By:
Jean-François Quénet
Published:
April 28, 2010, 20:22 BST,
Updated:
April 28, 2010, 21:38 BST
Edition:
First Edition Cycling News, Thursday, April 29, 2010
Race:
Le Tour de Bretagne Cycliste - Trophée des Granitiers
Neo-pro Tobyn Horton (Team Sprocket), left, with team manager Magnus Backstedt at the Tour de Bretagne.

Neo-pro Tobyn Horton (Team Sprocket), left, with team manager Magnus Backstedt at the Tour de Bretagne.


Tobyn Horton, 24, is the first ever professional cyclist from the Channel Islands. Born in Guernsey, the member of Team Sprocket, managed by former Paris-Roubaix winner Magnus Backstedt, felt like he was racing on home soil during the first two stages of the Tour de Bretagne held on the island of Jersey.

"It was a great atmosphere," Horton said. "This is the biggest race ever organised on the Channel Islands. It was strange for me to be racing on familiar roads. The Jersey people came and supported me and the team." Backstedt recently opened a coffee shop/bike shop in Saint-Hélier, the main town of Jersey.

"Magnus also came to speak to my local cycling club in Guernsey. We kept in contact and he gave me the opportunity to sign for his team," Horton said. He spent the past five years racing in Belgium for the amateur team Deschuytter in West Flanders where he won a couple of kermesses and developed as a sprinter.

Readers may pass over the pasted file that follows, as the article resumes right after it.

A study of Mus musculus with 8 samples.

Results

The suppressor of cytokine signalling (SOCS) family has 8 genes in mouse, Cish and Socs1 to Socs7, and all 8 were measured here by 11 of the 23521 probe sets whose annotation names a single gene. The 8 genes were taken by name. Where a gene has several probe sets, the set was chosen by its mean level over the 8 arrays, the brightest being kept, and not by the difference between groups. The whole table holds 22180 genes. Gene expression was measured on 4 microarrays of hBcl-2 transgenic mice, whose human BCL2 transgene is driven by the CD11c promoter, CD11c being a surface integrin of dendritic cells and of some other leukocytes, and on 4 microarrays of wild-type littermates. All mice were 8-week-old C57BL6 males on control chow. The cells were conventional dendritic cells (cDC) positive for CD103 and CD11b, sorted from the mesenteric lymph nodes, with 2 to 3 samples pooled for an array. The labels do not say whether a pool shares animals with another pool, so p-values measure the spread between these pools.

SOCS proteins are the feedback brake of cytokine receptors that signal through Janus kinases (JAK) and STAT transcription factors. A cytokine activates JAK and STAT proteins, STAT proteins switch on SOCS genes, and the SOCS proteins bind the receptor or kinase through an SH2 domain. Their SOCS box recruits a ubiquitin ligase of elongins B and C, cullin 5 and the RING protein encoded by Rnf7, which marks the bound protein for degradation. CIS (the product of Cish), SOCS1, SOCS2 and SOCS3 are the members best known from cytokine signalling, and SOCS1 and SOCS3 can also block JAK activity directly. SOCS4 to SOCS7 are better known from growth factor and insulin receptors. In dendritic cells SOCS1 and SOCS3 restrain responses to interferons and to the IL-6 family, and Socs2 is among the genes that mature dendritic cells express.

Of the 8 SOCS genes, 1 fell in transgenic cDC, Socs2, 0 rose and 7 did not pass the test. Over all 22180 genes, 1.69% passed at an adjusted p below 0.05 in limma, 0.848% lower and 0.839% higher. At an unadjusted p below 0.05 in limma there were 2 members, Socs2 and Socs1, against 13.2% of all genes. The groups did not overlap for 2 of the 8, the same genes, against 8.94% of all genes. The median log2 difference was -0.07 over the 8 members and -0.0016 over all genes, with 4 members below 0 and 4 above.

"When I started cycling there weren't more than 15 people at a race in Guernsey, but when I went to Belgium there were 192 starters for the first event I took part in," Horton continued. "Now cycling is getting more and more popular in Guernsey. I don't know if the organisers of the Tour de Bretagne would consider it, but I'd love to see the race returning to the Channel Islands and having one stage in Jersey and one in Guernsey. Logistically, it would work." Jean-Yves Le Drian, the president of the region of Brittany, announced on Monday the Tour de Bretagne would be eager go to Jersey again within "four or five years".

Because of the constraints of cycling on a small island in the middle of the English Channel, Horton spent the first two months of 2010 in Australia based only two kilometres away from Cadel Evans' house in Barwon Heads. With races like the Grand Prix Pino Cerami in Belgium and the Route Adélie in France, he has experienced much harder racing than last year. "I've taken a step up," Horton said. "I'm hopeful to make it as a big pro."

His big goal for the end of the 2010 season will be the Commonwealth Games in New Delhi, India, in October, for which Great Britain will be divided into seven entities: England, Scotland, Northern Ireland, Wales, Isle of Man, Jersey and Guernsey. "I hope to get my name and Guernsey's name in the results there," Horton said.